By the end of the sixteenth century, the Bashforth name (mostly in its variant forms of Basforth and Basford) was beginning to appear in Yorkshire, where the Bashforth form eventually evolved (though the other spellings also continued).
The establishment of family lines in Yorkshire was somewhat disrupted by the events of the English Civil War (1642-1649) and the Commonwealth (1650-1660), after which parish registration recovered and began to settle down into something more reliable as a means of family history research. The period from 1600-1660 therefore represents a useful chronological field in which to explore the family’s distribution. As always, there is the cautionary warning that written records do not distinguish between the short ‘a’ pronunciation deriving from Cheshire and Staffordshire, and the long ‘a’ pronunciation deriving from Nottinghamshire [Baseford].
One locality dominates the records for the name during 1600-1660, that is the parish of Ecclesfield, where records are consistent throughout the century. Potentially related to this group are records towards mid-century in Sheffield, immediately to the south, and Penistone just to the north-west. I will deal with these townships, along with Rotherham, in a separate essay concerning South-West Yorkshire, which is more important in the emergence of the final Bashforth spelling. What follows concerns places outside this immediate part of Yorkshire.
Ledsham is a parish five miles north of Pontefract. There was a series of baptisms of children to a man called variously John Basford or John Basforth from 1606-1617. These were John 16 November 1606, Prudence and her twin sister Elizabeth 6 April 1609, Edward 14 June 1612, Susanna 1 June 1615 and Jana (Jane?) 6 July 1617. Apart from ‘John’, none of these forenames were used by the Ecclesfield branch of the family, therefore a link is doubtful. There is no longer term connection to this parish.
There are two possible links to the family in Ledsham elsewhere in Yorkshire. The first is to the city of York. An Edward Basford both baptised and buried a daughter, Dorothy at St Michael le Belfrey, the church adjacent to the Minster at York, on 2 November 1648 and 13 January 1650 respectively, and could be the son of John Basford. Similarly an Elizabeth Basford (or Baresford) married Thomas Wood at the same place circa 1638. The surname variant given raises the question as to whether this is a corruption of the name Beresford, but this could conceivably be one of the twin daughters of John Basford of Ledsham. If so, this might suggest that this family moved from Ledsham to York.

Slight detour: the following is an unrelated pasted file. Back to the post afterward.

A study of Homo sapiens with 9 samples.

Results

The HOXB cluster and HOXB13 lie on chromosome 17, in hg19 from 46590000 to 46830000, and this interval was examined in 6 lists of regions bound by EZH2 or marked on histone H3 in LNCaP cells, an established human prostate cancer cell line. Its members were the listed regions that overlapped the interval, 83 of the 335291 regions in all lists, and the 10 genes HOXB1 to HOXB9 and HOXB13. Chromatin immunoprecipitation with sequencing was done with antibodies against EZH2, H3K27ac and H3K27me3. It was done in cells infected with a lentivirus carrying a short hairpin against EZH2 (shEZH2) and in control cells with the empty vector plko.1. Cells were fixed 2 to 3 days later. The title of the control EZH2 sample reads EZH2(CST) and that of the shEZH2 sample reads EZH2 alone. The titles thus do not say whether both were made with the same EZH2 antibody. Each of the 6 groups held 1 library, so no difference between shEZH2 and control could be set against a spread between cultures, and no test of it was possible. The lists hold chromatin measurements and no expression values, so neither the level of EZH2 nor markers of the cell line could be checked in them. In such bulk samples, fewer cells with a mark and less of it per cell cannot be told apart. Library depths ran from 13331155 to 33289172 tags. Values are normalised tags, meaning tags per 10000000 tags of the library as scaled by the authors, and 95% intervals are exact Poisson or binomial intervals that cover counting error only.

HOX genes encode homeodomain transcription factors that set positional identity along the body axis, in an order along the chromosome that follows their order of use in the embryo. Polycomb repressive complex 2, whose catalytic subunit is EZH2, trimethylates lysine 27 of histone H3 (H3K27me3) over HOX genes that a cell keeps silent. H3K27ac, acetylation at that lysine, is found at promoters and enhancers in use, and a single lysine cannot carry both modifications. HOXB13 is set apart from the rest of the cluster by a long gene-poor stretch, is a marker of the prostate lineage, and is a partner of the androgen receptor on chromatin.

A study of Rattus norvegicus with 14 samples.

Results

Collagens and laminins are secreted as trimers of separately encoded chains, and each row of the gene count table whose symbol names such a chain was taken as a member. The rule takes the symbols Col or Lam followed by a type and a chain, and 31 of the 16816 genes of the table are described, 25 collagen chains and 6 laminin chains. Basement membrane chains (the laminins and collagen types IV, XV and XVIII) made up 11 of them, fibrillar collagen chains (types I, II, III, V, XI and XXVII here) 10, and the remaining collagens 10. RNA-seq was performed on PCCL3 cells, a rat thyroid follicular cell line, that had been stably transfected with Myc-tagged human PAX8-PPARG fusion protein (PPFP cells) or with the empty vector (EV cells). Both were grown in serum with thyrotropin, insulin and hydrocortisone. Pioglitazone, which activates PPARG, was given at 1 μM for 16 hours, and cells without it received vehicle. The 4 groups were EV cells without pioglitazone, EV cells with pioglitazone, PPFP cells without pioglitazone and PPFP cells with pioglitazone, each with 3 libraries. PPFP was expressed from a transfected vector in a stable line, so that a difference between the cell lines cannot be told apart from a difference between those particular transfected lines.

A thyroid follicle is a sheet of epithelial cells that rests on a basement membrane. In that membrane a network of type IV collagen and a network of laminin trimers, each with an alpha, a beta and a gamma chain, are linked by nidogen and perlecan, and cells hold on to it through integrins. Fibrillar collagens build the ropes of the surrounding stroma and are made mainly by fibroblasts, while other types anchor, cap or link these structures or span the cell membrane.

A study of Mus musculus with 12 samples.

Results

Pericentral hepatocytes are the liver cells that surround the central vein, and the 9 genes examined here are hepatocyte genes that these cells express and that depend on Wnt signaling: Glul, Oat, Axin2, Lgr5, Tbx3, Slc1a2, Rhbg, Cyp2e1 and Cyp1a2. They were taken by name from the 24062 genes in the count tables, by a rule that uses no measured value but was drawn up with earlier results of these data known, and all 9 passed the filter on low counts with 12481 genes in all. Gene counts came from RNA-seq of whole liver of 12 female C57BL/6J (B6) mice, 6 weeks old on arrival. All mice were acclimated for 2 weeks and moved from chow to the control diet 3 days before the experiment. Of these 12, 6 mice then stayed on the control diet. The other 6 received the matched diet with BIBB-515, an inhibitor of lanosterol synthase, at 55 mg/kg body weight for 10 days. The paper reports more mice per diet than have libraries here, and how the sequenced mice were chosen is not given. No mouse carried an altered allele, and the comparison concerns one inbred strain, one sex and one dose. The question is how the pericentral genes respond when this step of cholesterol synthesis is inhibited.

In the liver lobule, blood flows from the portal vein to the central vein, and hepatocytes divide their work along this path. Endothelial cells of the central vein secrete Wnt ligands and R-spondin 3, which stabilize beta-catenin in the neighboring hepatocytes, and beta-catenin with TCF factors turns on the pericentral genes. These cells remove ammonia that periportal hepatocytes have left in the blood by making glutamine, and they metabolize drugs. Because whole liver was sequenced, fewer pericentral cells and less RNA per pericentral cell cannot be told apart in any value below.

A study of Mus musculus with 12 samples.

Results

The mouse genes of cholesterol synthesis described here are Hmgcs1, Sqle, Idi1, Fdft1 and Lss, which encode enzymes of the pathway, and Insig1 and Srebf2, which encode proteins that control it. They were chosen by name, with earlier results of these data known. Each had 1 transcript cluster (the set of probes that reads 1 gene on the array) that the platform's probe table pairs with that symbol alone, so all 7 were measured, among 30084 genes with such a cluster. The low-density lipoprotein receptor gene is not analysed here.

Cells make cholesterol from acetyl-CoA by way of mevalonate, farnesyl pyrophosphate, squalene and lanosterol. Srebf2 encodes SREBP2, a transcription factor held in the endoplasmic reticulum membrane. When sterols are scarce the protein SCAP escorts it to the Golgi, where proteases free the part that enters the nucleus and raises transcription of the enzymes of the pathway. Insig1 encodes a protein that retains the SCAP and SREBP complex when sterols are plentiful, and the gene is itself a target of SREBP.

The second possible link is to the baptism of a child Nicholas Basford on 27 December 1639, presumably born out of wedlock, to an Elizabeth Basford, at Throapham, near Dinnington, almost 40 miles to the south of Ledsham. There is a series of other events, both baptisms and burials at Throapham in the same period, which would suggest the presence of more than one family of the name in that parish, of whom Elizabeth may have been a member. Nicholas, the son of Ralph Basforth was buried 25 June 1621, and Ralph himself was buried on 27 December 1622. Ellin, the daughter of William Basford, was buried on 10 March 1635. In the same year, on 14 August 1635, Francis Basford married Elizabeth Brounde or Broune. There were no children of theirs baptised. Nicholas Basforth baptised a son John on 4 March 1637, while Ralph Basford baptised a son John on 20 January 1639. William Basford baptised a daughter Allis 14 February 1639.
What is apparent from a comparison with the Ecclesfield parish registers is the close similarity of the chosen baptismal names to families there: Francis, William, Nicholas, Ralph, Elizabeth. Not surprising when one compares the events attributed to Throapham on the Family Search website with the Ecclesfield parish registers. The illegitimate birth and all except the three records highlighted above in italics appear in the Ecclesfield registers. All the late 17th century Basford/Basforth events attributed to Throapham likewise appear in the Ecclesfield register!
Throapham lies just short of 20 miles to the south east of Ecclesfield, beyond Rotherham. While it is conceivable that there was some movement of the family between the two parishes, there is no earthly reason why the two parish registers should duplicate each other in such an extensive way.
Researchers into the family name are advised to completely discount the references to the family at Throapham on the Family Search website, as these are more likely to be records from Ecclesfield, incorrectly attributed.
The three records that appear to be additional to what has been found in the Ecclesfield register will need to be checked against the Bishops Transcripts, as they may be genuine, either for Ecclesfield or Throapham.
There may be an explanation for this oddity. The church in Ecclesfield suffered a break in and robbery from the parish chest at some point close to this period, and parts of the parish registers were lost. Have they ended up mixed in with the records at Throapham?